Thu., July 14, 2005, midnight

The government will begin testing anti-missile equipment on three airliners next month, a first step toward what could be the most expensive security upgrade ever ordered for the nation’s aviation system.

Both Northrop Grumman and BAE Systems will rig out-of-service planes with laser defense systems designed to misdirect shoulder-fired missiles, said John Kubricky, director of the Department of Homeland Security’s systems engineering and development office. Test results will be sent to Congress early next year.

It could take years before passenger planes carry protection against missiles, a weapon terrorists might use to shoot down jets and cause economic havoc in the airline industry. The tests will help the nation’s leaders decide if they should install laser systems on all 6,800 aircraft in the U.S. airline fleet at a cost of at least $6 billion.

“Yes, it will cost money, but it’s the same cost as an aircraft entertainment system,” Kubricky says.

Northrop and BAE Systems each have Department of Homeland Security contracts of about $45 million to develop the anti-missile systems for airliners. Both already sell anti-missile systems for military aircraft. BAE will begin testing its airliner system on an out-of-service American Airlines Boeing 767 in early September, according to BAE business manager Steve duMont.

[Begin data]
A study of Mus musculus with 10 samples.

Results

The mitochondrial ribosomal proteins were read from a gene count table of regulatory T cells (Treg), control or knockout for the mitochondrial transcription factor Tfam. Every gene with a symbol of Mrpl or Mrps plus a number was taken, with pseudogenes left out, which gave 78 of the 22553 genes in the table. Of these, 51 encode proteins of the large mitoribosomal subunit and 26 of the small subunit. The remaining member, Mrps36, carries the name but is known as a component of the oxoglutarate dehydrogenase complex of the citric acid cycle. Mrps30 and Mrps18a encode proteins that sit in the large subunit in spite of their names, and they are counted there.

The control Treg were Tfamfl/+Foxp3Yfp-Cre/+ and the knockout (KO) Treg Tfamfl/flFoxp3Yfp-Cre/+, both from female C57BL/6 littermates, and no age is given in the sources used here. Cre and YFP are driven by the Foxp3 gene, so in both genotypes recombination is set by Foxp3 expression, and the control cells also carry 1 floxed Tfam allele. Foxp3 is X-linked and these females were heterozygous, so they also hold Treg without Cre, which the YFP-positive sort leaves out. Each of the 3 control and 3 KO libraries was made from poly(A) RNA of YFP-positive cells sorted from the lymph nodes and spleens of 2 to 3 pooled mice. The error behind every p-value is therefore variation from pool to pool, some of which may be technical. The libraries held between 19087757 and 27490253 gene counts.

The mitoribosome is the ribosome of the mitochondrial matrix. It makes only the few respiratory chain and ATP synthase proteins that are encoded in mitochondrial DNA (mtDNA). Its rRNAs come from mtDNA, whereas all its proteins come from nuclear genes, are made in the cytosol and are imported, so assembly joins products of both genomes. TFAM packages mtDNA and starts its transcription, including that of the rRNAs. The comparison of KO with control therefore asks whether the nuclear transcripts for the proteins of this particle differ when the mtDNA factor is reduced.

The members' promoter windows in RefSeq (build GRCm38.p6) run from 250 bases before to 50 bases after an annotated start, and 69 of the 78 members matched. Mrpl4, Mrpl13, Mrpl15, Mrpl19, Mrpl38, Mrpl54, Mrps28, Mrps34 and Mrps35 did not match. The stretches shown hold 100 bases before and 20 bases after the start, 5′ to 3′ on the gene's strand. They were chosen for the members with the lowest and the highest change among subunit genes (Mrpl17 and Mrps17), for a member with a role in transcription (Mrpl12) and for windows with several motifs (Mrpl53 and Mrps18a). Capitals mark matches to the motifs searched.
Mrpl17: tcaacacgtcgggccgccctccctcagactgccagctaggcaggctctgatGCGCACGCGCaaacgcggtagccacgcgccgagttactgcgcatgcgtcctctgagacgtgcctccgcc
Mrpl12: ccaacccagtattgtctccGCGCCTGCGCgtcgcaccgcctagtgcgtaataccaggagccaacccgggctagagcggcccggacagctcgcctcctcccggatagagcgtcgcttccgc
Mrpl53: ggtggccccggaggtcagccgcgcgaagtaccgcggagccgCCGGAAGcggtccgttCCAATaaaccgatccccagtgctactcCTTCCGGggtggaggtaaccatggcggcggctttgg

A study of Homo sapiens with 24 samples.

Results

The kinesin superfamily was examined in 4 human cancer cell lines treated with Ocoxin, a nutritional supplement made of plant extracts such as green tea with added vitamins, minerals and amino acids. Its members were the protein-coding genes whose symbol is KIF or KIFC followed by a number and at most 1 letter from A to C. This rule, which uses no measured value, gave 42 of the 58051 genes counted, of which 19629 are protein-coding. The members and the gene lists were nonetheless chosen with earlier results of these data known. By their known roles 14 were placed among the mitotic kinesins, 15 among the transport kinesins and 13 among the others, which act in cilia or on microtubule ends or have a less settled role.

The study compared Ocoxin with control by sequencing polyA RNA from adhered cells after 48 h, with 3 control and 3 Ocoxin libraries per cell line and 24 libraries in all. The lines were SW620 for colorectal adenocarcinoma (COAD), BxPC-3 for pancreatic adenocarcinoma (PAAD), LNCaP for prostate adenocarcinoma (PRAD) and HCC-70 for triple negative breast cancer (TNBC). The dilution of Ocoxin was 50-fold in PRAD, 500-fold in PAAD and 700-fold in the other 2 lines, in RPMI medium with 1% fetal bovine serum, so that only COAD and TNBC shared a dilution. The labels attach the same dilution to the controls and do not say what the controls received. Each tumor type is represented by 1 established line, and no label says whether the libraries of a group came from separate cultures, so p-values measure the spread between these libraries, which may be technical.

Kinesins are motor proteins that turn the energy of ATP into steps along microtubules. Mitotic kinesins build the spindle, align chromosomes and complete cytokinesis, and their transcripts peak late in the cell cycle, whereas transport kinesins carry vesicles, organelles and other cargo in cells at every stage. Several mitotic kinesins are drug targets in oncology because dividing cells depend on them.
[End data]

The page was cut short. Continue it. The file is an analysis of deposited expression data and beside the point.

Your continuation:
President Bush’s proposed budget for fiscal year 2006 includes $110 million to continue development of the systems, but no money to buy them, says Department of Homeland Security spokesman Donald Tighe. Each laser system costs about $1 million.

Billie Vincent, former head of security for the Federal Aviation Administration, said the government should spend whatever it takes to get effective defense systems in place. He cited a long history of shoulder-fired missiles being used against airliners.

Though no plane in the U.S. has ever been attacked, about 35 airliners and other non-military planes have been attacked elsewhere by shoulder-fired missiles since the late 1970s, according to an October 2004 report by the Congressional Research Service. The attacks shot down 24 aircraft and killed 500 people.

A RAND Corp. study this year recommended postponing installation of anti-missile systems. The study assumed, however, that it would cost $11 billion – not the $6 billion Northrop now cites – to equip all U.S. aircraft with anti-missile technology.

Another study this year by the Cato Institute, a Washington think tank, says the government should divert more money to anti-missile systems on airliners. The study says a successful shoulder-fired missile attack could deter the public from flying, create huge airline losses and devastate the economy.